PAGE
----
You're not imagining it — your child really does save their temper tantrums for you, but you probably know that already. What you may not know is why your child behaves the worst around their parents and differently when they're around others.
Child psychologist Dr. Heather Wittenberg explained to The Mother Company that the reason why kids behave the worst around the parents is quite simple. "Children save their best — and worst — for us, as parents," she said. She went on to explain that the reason kids are at their worst behavior when they're around their parents is because it's when they feel the most comfortable and are, as Wittenberg describes, their "true selves."
"It takes energy to “be good” and follow the rules — especially for young children — so when they get home, they let it all hang out," she explained, which can often result in poor behavior. If your child often acts out after being left at daycare or school, Wittenberg says not to worry because it's totally normal.
"You’re being punished for leaving them," she explained. "Sure, once they’re settled into daycare, they have fun. But deep down they miss you and are angry that you left. So, you get punished upon your return. Expect it and take it in stride. If you sympathize but don’t make a big deal out of it, it’s likely to subside more quickly."
Many parents often hear from their child's teacher or daycare provider what a great student their child is, yet they seem to save their meltdowns for the exact minute they're with their parents again. Wittenberg explains that this behavior is typical and gave some advice on how parents can deal with it. "After holding it together without us for all that time — a release is necessary. Expect it, don’t make a big deal about it, and don’t take it personally. Set limits if needed, but only if it’s going on a long time and/or it’s extreme."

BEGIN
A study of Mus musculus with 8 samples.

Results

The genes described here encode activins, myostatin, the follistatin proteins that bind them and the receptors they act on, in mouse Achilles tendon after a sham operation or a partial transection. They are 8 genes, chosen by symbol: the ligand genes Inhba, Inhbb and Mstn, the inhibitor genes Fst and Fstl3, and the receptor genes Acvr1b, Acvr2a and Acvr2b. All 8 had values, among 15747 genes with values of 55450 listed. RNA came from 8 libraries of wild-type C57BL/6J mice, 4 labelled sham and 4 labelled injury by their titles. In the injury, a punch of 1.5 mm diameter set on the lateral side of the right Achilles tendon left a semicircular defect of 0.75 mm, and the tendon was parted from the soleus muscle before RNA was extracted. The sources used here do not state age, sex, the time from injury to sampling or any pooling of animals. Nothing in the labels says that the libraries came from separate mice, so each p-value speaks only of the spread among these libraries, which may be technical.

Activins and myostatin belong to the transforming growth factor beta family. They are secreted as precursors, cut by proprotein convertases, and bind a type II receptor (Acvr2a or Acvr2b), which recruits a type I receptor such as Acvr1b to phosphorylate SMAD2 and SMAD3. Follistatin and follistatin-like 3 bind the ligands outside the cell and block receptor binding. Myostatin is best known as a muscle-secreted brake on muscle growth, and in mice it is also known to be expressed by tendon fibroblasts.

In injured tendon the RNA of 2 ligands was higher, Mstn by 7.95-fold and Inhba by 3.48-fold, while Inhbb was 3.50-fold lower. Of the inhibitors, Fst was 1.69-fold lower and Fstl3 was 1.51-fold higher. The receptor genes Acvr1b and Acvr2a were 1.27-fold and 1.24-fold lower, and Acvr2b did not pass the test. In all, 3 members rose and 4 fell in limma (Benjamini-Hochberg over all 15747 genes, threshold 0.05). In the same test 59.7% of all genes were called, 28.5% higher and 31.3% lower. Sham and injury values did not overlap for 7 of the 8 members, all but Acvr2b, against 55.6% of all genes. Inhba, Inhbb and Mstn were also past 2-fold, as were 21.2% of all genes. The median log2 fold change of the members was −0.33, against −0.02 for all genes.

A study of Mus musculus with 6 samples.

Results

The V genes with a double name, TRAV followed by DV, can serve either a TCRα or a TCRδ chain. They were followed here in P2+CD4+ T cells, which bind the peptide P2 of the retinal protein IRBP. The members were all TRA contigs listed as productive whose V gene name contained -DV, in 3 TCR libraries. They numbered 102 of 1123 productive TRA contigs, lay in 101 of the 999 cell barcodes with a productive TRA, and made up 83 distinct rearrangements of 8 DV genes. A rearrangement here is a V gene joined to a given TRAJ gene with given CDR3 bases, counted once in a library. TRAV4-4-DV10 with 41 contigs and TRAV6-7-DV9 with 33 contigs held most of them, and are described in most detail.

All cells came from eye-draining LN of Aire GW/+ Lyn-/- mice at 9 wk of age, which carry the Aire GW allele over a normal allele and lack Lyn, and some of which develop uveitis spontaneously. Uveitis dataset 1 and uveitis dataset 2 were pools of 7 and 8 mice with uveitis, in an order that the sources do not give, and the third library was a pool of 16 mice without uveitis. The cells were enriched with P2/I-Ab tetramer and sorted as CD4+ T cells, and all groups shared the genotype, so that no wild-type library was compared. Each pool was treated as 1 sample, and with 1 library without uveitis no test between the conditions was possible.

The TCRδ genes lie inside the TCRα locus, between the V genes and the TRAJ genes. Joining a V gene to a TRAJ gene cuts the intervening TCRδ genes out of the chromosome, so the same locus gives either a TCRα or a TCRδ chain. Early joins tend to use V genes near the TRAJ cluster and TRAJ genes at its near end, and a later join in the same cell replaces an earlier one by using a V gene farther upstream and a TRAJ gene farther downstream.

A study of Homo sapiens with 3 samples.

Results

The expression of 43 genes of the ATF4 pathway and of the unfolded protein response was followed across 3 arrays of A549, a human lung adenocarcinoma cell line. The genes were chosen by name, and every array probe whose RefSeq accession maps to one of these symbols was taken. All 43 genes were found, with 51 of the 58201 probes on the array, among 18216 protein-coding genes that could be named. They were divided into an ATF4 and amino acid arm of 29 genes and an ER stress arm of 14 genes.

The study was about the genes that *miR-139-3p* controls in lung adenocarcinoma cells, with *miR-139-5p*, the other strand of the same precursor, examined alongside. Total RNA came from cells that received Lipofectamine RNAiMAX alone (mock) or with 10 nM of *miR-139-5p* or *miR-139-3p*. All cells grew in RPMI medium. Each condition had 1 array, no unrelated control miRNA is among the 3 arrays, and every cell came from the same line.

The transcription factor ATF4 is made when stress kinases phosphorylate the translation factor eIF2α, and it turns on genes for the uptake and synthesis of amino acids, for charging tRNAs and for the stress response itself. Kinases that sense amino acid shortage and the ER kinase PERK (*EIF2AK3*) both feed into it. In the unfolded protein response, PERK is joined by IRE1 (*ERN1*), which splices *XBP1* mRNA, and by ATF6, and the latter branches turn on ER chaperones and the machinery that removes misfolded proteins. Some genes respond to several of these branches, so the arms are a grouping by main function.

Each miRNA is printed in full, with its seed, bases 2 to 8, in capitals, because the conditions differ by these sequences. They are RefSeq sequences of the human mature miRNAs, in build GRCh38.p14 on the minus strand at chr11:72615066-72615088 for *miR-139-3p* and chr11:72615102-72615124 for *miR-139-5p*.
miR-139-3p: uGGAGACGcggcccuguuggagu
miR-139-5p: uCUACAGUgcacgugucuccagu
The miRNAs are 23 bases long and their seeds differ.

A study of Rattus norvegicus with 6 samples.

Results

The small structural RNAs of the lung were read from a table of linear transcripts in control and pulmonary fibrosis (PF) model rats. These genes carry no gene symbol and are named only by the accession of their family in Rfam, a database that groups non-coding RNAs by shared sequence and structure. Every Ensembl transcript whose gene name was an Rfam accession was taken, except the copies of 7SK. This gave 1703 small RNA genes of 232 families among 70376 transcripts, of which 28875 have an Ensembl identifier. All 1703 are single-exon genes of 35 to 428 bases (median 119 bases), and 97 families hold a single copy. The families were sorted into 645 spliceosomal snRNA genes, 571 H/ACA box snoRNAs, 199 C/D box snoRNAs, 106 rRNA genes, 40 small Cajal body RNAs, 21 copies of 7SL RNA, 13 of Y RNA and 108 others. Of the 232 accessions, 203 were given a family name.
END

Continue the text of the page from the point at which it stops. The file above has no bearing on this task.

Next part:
She says that the best way to approach a meltdown, or impending meltdown is to be able to know it's coming. "It’s best to prevent it in the first place by expecting it, not taking it personally, taking it in stride if it happens, sympathizing, and then changing the subject to something more positive when they’re ready to let it go," the doctor explained. "Set limits if necessary, so they know they won’t be rewarded for extended freak-outs," Wittenberg says that obviously if the child is hurting themselves or others a parent needs to intervene immediately but suggests trying to avoid becoming emotional with the child.
While children reserve their worst behavior for their parents, the good news is they also give them their very best. No one gets the unconditional hugs and love as parents do, which almost makes the bad behavior tolerable! When you realize that children are acting out the worst around their parents because it's where they feel their most normal and comfortable, it makes complete sense and makes their bad behavior a bit more understandable.